Published on August 13th, 2012 | by ddeupree
Macugen treatment for wet macular degeneration
Macugen is used to treat macular degeneration and diabetic macular edema
What is Macugen?
Macugen (Pegaptanib) was approved by the FDA in January 2005. This was the first anti-VEGF therapy that targets the underlying cause of leaky blood vessels in the “wet” form of macular degeneration. Vascular endothelial growth factor (VEGF) is a protein that has been shown to play an important role in the growth of abnormal, leaky blood vessels in the macula. The macula is the highly-sensitive part of the retina, on the back of the eyeball, where we acquire our best acute vision.
These abnormal blood vessels, called neovascularization, leak fluid and blood into the layers in and below the retina. This fluid creates swelling and eventually can lead to sight-damaging scar tissue in the macula.
By impeding VEGF, it has been shown to inhibit new blood vessel formation and its subsequent leakage. Wet macular degeneration represents only 10 – 12% of all macular degeneration cases. Other anti-VEGF drugs being used in ophthalmology are: Avastin, Lucentis and Eylea.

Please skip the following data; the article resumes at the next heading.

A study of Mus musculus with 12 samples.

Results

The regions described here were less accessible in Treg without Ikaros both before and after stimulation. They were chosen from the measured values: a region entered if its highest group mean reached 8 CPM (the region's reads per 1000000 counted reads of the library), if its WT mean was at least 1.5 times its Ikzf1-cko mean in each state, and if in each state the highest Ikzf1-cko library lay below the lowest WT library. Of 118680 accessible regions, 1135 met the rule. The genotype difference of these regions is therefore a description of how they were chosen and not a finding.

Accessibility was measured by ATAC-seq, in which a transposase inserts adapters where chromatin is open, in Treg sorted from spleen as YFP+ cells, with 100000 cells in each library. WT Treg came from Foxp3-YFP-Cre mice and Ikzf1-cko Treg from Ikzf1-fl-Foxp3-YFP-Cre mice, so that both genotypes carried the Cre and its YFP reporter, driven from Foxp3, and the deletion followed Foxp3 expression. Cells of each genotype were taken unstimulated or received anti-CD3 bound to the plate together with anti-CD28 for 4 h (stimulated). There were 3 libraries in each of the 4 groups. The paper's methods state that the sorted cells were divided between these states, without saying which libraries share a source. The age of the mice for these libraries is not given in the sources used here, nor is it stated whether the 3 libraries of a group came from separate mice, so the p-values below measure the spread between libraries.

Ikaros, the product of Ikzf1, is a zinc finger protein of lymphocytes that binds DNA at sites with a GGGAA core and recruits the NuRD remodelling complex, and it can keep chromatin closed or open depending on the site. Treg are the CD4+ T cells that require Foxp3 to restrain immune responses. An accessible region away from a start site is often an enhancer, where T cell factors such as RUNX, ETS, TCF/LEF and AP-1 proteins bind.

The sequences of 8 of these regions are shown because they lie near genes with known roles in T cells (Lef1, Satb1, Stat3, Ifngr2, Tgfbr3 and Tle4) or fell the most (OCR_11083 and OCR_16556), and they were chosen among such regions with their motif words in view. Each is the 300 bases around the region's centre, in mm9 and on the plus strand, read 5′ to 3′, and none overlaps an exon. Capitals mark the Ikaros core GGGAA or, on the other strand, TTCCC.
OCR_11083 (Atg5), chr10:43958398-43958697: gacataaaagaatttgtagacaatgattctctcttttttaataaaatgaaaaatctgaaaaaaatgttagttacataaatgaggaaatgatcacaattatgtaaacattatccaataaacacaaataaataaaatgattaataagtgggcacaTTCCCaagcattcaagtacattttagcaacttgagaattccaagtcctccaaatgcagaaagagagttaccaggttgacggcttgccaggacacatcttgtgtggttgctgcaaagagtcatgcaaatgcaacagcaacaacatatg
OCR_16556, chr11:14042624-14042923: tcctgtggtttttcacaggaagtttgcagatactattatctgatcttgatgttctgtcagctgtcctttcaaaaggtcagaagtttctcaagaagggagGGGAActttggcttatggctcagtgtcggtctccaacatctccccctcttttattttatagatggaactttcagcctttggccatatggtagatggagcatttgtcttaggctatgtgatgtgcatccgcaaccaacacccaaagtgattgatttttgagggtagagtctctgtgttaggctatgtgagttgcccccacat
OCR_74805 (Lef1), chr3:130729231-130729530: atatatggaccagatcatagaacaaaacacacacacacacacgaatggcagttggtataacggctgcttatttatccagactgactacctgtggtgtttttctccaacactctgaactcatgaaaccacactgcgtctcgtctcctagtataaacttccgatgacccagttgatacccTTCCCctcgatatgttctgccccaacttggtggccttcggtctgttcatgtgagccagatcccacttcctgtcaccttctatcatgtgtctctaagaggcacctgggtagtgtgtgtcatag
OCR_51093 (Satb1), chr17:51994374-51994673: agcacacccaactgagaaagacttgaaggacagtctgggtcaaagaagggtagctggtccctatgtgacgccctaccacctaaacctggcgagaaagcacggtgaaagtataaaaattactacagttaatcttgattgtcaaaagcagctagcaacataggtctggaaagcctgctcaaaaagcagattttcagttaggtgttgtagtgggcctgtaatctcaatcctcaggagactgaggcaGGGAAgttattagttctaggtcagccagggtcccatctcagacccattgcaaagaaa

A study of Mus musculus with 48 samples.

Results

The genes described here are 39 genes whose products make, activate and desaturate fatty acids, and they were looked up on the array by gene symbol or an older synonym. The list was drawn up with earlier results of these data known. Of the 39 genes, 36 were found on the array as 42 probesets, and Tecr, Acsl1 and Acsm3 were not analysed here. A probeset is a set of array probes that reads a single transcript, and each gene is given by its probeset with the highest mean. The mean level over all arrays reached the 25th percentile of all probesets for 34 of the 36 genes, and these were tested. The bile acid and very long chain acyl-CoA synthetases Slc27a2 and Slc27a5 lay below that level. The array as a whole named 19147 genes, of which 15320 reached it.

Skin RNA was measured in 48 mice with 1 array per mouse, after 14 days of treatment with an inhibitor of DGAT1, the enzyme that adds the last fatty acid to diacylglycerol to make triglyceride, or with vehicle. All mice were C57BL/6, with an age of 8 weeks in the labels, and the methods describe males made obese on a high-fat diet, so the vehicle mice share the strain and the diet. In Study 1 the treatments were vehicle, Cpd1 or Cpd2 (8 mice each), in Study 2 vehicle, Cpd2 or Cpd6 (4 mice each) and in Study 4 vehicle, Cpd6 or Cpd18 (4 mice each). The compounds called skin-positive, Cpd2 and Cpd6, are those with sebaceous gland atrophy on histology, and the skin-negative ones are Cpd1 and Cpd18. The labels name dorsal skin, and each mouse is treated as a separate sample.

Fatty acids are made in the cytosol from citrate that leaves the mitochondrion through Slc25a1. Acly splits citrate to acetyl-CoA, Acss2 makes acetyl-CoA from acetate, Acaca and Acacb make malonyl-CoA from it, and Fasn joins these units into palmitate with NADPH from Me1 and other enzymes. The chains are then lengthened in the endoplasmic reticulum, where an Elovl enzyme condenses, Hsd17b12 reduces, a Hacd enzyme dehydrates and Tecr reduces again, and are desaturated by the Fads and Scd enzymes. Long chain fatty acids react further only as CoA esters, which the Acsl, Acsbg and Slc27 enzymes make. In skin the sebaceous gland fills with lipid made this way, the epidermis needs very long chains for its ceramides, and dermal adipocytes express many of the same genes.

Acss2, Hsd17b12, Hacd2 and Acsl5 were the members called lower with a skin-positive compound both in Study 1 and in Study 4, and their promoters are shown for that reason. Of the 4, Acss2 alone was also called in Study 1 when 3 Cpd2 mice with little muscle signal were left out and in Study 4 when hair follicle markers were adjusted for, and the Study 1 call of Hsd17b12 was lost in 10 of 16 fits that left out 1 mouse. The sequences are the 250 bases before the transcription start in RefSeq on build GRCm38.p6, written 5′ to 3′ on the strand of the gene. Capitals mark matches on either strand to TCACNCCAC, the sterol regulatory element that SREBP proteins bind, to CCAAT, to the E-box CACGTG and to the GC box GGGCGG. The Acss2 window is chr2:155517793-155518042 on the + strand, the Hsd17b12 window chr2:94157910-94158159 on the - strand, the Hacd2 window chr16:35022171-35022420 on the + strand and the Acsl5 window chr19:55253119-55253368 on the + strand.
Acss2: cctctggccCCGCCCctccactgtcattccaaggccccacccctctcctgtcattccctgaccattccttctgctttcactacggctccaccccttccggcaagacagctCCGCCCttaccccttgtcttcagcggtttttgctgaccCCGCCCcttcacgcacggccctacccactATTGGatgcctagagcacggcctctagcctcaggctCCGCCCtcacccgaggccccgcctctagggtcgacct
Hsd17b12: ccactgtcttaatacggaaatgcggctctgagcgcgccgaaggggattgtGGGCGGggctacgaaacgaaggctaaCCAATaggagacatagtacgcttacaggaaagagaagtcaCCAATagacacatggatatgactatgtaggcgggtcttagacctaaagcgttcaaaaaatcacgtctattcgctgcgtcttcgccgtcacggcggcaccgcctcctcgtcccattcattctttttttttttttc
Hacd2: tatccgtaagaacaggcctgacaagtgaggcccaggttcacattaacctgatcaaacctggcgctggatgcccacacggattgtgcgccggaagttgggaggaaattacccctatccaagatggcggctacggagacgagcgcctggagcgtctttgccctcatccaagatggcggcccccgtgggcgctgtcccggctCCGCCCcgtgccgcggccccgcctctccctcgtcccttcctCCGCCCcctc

Does Dr. Deupree recommend Macugen?
It is indicated in only a small amount of patients with macular degeneration. It should only be used in certain cases of wet, actively-leaking macular degeneration where it is expected that traditional treatments will not immediately help.
Does Dr. Deupree use it?
Dr. Deupree has been using this drug for every patient whom he believes meets the drug’s treatment criteria and will benefit.
Who does Dr. Deupree use it for?
Dr. Deupree will only use this medicine on a select few patients who have progressively decreasing vision because of wet macular degeneration. There are alternatives and he will tailor your treatment based on evidence shown by the examination and diagnostic tools. If you’ve not been recently seen by Dr. Deupree and you believe you could benefit from anti-VEGF treatment, please call us at 727-789-8770. Note: Wet macular degeneration represents only 10 – 12% of all of his macular degeneration cases.
What about PDT (Visudyne) or laser therapy? Can I still have those procedures done?
Yes. Some studies have shown that it can be even more effective, in select cases, when used in conjunction with PDT. Dr. Deupree will carefully evaluate your condition and tailor a custom course of therapy for each individual. This custom care will include the newest and traditional modes of therapy.